Essay on a Secular Perspective of Israel's Occupation of Canaan
Through Canaanite Eyes
The story of the Israelites' entrance into the Promised Land can be a terrifying one if viewed from the correct perspective. To a Canaanite, the invading Hebrews would have been a hardened desert people, led by a sorcerer of magnificent power. The Canaanite view of the Israelites is clearly portrayed by Rahab of Jericho when she explains to her house guests the fear her people live in at the immanent conflict with the Hebrew people (Joshua 2:9-10). Though the Israelites have traditionally been the heroes of the story, it is easy to see how Robert Allen Warrior developed his perspective on the story in his essay “A Native American Perspective: Canaanites, Cowboys, and Indians.”
Warrior downplays the idea of a “chosen people” as he only references the concept once in his paper. His attitude seems to be one that desires not to butt heads with Judeo-Christian tradition, but also desires not to make many of the assumptions Jews and Christians make in regards to the story of Canaan’s conquest. For thousands of years Jews and Christians have simply assumed that God actually told his people to slaughter thousands of indigenous people in a land that He had dictated as belonging to Israel. They believed this simply because it was written down. From a young age Christians are taught that there was an Old Testament God, and he was fierce, but it was still good. Warrior does not wish to argue this notion head on, but rather side steps it and takes a route very common among scholars: he examines the text as it is, without regard for the years of tradition that followed.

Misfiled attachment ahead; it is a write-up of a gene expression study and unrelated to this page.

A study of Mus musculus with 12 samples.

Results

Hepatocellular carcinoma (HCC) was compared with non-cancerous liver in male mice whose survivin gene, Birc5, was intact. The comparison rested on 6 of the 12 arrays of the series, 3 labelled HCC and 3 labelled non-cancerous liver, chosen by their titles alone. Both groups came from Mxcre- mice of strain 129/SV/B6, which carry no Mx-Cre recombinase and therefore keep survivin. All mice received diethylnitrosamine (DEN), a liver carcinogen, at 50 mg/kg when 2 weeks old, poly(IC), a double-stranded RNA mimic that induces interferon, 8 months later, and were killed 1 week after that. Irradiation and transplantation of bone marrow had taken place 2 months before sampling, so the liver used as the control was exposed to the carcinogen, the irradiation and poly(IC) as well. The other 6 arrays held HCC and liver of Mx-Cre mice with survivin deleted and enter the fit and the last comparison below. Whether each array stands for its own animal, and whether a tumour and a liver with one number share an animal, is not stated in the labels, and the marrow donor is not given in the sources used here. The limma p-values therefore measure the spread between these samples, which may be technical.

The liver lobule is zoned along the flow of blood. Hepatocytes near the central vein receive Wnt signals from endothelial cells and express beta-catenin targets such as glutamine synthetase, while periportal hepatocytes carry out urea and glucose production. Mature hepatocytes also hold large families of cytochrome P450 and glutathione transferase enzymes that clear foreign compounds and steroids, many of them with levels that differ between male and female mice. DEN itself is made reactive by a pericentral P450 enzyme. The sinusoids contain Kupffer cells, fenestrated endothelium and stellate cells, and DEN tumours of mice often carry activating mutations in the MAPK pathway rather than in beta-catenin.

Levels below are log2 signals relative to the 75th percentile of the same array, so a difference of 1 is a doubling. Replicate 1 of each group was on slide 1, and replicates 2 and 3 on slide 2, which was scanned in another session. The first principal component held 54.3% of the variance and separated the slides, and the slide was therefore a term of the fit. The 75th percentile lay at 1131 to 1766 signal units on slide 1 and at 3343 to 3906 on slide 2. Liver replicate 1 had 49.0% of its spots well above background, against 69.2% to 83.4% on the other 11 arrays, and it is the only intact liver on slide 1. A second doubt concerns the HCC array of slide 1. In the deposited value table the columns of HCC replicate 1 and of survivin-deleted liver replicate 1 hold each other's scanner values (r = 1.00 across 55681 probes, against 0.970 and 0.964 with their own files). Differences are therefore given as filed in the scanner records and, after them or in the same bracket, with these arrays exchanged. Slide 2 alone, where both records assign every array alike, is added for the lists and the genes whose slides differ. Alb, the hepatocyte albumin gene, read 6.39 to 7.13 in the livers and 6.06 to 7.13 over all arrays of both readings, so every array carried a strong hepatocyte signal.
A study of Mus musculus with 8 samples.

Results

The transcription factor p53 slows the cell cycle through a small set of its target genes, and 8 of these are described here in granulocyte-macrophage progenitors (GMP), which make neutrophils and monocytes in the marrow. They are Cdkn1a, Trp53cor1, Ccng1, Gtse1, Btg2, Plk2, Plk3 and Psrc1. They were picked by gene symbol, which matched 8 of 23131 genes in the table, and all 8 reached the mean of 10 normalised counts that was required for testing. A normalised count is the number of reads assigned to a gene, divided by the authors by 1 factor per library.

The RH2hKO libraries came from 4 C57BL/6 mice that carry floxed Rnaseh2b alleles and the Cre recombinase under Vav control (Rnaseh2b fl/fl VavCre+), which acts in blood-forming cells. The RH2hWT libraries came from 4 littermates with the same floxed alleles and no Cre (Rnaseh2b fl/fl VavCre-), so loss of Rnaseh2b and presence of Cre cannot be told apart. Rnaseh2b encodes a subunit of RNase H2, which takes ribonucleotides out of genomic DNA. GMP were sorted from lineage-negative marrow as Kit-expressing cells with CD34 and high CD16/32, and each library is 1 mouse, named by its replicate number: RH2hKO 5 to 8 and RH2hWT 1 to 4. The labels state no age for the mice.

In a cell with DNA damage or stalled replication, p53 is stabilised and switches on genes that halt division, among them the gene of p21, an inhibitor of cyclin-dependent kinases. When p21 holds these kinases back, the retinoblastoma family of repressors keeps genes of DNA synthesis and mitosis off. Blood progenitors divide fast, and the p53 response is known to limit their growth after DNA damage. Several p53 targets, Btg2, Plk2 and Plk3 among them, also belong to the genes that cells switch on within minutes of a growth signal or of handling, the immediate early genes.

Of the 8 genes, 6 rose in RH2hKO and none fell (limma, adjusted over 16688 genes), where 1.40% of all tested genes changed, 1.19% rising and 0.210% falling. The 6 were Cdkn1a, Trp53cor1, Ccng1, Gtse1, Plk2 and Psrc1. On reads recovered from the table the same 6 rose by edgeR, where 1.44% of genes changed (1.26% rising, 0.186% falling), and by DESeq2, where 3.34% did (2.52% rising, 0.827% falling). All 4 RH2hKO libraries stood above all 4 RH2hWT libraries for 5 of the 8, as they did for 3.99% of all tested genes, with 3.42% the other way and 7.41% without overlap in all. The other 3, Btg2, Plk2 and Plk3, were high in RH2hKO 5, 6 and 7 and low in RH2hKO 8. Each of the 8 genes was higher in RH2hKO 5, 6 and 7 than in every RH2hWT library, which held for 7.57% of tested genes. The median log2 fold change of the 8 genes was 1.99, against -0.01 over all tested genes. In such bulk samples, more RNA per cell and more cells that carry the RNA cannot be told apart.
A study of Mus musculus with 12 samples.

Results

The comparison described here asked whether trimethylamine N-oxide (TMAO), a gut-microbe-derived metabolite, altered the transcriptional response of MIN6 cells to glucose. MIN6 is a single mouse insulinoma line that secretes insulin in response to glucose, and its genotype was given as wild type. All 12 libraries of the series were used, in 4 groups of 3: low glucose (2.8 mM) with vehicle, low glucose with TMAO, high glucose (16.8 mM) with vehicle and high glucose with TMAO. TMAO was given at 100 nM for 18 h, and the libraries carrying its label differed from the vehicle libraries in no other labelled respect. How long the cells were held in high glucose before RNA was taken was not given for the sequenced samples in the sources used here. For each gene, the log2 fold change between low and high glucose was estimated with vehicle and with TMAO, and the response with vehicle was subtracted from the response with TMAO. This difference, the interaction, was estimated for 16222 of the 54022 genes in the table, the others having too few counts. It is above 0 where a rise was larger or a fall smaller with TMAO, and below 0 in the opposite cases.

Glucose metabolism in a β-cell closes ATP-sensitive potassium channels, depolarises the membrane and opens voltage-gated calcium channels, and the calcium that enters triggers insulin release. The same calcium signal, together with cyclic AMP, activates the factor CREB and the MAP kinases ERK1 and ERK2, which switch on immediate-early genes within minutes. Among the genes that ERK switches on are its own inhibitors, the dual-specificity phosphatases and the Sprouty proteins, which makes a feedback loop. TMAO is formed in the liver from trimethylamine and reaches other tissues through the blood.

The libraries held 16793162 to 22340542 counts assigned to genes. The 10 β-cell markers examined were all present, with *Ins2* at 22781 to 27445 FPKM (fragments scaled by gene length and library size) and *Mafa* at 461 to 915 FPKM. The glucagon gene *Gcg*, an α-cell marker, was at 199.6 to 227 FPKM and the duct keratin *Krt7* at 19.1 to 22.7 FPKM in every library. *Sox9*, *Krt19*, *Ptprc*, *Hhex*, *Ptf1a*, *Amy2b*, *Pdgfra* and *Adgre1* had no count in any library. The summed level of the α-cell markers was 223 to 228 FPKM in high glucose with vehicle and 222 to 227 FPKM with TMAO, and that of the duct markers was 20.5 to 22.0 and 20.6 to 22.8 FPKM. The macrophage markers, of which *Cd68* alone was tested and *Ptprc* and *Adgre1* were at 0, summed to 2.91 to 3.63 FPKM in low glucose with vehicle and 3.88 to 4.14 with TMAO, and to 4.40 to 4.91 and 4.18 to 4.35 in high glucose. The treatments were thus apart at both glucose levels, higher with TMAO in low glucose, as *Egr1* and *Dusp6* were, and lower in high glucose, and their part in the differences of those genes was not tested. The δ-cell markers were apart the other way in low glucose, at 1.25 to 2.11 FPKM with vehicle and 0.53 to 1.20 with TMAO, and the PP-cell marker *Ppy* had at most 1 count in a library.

Warrior’s downplay of “the chosen people” idea is easy as his main focus is not the morality of Israel’s occupation of Canaan but rather the story’s implications for Native Americans today. He even admits that the Canaanite eradication was not believed by most scholars to be as absolute as the Bible indicates (279) as Deuteronomy clearly gives rules of engagement that are far from absolute destruction of the enemy (Deut 20:10-14) but he emphasizes that it is the story that is important and not the historical facts (280). Warrior’s focus is on the fact that coupling the story of the Israelite conquest in Canaan with the Israelite liberation from Egypt causes a false sense of satisfaction in a manner, be it ever so subconscious. He refers to two Yahwehs acting in these stories—“Yahweh of deliverance” and “Yahweh the conqueror”—and uses these two sides of God to demonstrate the trend for people who have been oppressed becoming so paranoid that it could happen again that they oppress others (284). This obviously draws parallels with the persecuted Protestants of Europe who went on to nearly annihilate the Indian American people in an attempt to secure their land of “liberty.”